For the sound bite of Parliament Spokesperson Mr Moloto Mothapo, please click:

Parliament, Thursday , 13 July 2023 
- The Speaker of the National Assembly welcomes the judgement delivered by the Constitutional Court today regarding the appeal application by the Democratic Alliance (DA) and the President against the suspended Public Protector, Adv Busisiwe Mkhwebane. The Public Protector also lodged a cross appeal against the High Court’s decision which effectively set aside the President’s decision to suspend the PP in 2022 pending the outcome of the Section 194 Enquiry.

The PP had, in 2022, brought an application before the WCHC, for an order declaring the conduct of the Speaker, President of RSA and the section 194 Enquiry irrational, unconstitutional and invalid. The conduct related to the decision to proceed with the consideration of the motion for her removal as adopted by the NA, refusal by the Speaker to retract a letter informing the President of the decision, and the President’s decision to initiate a suspension process against her pending the outcome of the s194 Enquiry.

Against the Speaker, she contended that the Speaker was not authorized by the empowering legislation and did not act in good faith in issuing the letter to the President. She contended that the Speaker’s process was intended to trigger her suspension and was based on the incorrect interpretation of section 194(3)(a) of the Constitution. The Speaker’s argument was upheld by the High Court and upheld by the Constitutional Court who affirmed the Speaker’s constitutional obligation to inform the President of the section 194 Committee developments.

As against the section 194 Committee, she invoked the sub judice rule as envisaged in Rule 89 of the NA Rules. She also contended that failure by the NA to amend Rule 129AD(3), which relates to legal representation, was unconstitutional. In dismissing the PP’s argument, the court reiterated that the sub judice rule does not preclude members of the NA from carrying out their oversight mandate and holding Chapter 9 institutions accountable. It also confirmed that there was no need for the NA to amend the impugned Rule as the CC had already taken it upon itself to amend it in its previous ruling.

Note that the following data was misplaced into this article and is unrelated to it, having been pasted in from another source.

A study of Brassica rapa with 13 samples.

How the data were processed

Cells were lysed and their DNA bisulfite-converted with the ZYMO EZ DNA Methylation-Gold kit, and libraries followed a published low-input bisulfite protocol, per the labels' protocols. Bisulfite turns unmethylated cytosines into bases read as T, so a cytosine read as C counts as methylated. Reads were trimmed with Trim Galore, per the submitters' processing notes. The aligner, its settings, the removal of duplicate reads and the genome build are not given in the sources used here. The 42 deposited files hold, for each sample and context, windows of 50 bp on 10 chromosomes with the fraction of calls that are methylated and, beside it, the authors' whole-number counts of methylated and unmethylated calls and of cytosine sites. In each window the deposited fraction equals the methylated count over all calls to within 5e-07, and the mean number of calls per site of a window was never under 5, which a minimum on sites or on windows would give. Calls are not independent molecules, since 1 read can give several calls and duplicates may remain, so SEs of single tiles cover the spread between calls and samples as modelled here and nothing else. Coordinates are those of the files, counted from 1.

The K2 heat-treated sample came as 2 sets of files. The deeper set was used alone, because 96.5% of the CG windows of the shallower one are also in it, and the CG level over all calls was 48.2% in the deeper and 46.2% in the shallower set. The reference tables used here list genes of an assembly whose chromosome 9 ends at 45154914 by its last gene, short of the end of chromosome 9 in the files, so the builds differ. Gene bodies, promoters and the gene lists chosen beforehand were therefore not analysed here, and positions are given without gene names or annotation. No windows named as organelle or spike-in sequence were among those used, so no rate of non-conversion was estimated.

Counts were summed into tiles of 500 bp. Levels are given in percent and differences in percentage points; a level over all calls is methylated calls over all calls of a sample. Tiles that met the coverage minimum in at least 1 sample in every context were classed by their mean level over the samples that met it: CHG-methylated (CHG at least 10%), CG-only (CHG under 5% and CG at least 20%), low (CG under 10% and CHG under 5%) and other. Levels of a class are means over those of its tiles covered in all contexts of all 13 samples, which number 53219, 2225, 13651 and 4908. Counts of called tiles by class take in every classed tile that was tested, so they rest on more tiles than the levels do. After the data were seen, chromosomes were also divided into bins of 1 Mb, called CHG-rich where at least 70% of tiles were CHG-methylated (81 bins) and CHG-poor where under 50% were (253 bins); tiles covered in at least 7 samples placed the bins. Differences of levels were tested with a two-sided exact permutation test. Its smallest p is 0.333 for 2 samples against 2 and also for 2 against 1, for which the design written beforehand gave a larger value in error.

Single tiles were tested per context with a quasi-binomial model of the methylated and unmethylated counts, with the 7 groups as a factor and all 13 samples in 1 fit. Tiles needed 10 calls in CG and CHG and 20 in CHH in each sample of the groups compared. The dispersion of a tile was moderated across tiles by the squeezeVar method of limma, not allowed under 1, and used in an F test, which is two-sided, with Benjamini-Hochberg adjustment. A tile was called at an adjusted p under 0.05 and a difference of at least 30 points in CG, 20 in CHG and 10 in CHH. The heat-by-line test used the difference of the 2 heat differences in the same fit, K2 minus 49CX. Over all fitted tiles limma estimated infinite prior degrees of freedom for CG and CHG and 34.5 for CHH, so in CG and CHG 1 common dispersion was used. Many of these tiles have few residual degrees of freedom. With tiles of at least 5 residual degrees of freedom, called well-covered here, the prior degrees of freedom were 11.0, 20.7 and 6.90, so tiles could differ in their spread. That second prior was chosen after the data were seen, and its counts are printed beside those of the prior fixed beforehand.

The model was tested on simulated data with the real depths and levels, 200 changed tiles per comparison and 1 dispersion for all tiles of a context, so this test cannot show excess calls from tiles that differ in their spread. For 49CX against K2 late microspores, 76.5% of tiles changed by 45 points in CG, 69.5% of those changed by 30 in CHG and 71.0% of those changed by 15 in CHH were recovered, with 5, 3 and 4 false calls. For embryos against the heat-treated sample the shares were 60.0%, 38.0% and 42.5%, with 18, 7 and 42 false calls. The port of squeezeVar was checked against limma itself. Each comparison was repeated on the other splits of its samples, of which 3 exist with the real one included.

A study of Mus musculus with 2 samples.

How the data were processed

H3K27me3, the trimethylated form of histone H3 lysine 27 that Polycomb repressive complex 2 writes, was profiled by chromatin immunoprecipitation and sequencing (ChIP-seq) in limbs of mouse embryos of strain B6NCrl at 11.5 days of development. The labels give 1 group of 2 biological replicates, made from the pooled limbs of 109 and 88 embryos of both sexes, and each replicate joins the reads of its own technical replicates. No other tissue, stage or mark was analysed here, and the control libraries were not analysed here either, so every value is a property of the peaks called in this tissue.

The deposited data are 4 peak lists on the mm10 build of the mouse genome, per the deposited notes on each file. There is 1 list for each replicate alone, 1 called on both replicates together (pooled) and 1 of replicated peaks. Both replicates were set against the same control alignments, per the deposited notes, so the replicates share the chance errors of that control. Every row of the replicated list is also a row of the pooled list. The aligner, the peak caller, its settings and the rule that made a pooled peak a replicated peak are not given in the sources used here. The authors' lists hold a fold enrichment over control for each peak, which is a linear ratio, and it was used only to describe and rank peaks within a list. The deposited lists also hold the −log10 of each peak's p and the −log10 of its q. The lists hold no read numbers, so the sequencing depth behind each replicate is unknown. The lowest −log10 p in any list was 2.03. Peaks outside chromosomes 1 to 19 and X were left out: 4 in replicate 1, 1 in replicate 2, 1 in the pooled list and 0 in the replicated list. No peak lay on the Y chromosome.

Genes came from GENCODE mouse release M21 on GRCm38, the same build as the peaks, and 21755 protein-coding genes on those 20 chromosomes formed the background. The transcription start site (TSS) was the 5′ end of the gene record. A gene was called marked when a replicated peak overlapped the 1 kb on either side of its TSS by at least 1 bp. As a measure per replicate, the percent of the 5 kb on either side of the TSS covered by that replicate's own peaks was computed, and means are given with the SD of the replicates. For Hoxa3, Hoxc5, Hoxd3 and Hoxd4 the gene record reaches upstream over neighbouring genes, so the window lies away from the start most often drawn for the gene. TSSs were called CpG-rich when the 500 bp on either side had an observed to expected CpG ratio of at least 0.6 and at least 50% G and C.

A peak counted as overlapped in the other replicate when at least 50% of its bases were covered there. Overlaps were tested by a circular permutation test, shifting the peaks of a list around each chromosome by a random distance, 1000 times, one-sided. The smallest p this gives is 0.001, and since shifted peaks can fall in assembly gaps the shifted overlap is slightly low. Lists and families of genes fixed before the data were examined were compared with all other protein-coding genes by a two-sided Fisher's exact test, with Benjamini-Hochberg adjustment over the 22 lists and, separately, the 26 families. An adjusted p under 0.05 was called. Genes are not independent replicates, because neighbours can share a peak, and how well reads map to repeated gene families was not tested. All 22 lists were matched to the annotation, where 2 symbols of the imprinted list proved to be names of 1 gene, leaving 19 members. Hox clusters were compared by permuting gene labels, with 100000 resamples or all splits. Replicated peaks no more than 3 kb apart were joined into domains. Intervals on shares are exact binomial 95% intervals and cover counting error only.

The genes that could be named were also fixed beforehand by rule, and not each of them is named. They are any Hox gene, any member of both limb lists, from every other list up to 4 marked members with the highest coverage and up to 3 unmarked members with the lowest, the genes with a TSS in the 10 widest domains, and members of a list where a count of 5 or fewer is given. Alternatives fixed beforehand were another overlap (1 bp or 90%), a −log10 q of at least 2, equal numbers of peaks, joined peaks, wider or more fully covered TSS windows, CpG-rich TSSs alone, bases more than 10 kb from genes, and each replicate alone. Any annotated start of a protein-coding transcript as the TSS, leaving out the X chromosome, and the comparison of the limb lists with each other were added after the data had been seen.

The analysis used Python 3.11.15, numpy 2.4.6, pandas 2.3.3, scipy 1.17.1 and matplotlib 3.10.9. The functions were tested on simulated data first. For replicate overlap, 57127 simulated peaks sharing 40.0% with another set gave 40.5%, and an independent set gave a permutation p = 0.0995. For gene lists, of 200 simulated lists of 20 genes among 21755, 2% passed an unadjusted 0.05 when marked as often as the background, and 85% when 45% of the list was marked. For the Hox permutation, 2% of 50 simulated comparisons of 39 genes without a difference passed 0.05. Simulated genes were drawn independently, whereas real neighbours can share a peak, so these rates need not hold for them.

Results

In respect of the President, among other things, she alleged conflict of interest in respect of a number of investigations her office was seized with at the time, against the President, and the timing in respect of his decision to suspend her.

The Speaker agrees with the Constitutional Court's rejection of Adv Mkhwebane's claim that the letter sent to the President aimed to trigger her suspension. According to the Constitution, the President may suspend an individual from office at any point after the start of the proceedings of a National Assembly committee for their removal. The letter merely conveyed the factual position, specifically the Section 194 Committee's decision to continue its inquiry. The Speaker's intention was to inform the President of the developments within the National Assembly and, particularly, the Section 194 Committee. This action aligns with the cooperative governance obligation imposed by the Constitution. As a representative and leader of the National Assembly, the Speaker has a responsibility to notify the President when section 194 proceedings commence, as done by the previous Speaker in similar circumstances.

Regarding Adv Mkhwebane's assertion that the section 194 proceedings had not yet commenced when the President made the decision to suspend her on 9 June 2022, the Speaker agrees with the Court's ruling. The proceedings of the Section 194 Committee began when the complaint was referred to it, which occurred in March 2021 when the National Assembly resolved to initiate a section 194 inquiry, or possibly in April 2021 when the Committee was established. The Court also provided an alternative finding, stating that, giving Adv Mkhwebane the benefit of a liberal interpretation, the Committee's proceedings began at the latest in April 2022 when she was informed of the allegations against her and invited to respond within 30 days. In this case, the court considered it unnecessary to determine which view is correct.

Speaker is particularly indebted to the Concourt for clarifying that the application of the sub judice rule in the circumstances (in the section 194 proceedings) would frustrate the NA from performing its constitutional obligation to hold the PP accountable. It cautions that if the principle would be applicable, any person subject to a section 194 process would be able to stop it by simply bringing a litigation related to the process. It further confirms that the committee is not concerning itself about the merits of the pending case, but whether or not she is incompetent, or has committed a misconduct.

The Speaker acknowledges the Constitutional Court's judgment and its valuable clarifications regarding the appeal application. The National Assembly remains committed to upholding its constitutional responsibilities and ensuring a fair and transparent process in accordance with the law in the course of discharging its oversight responsibilities.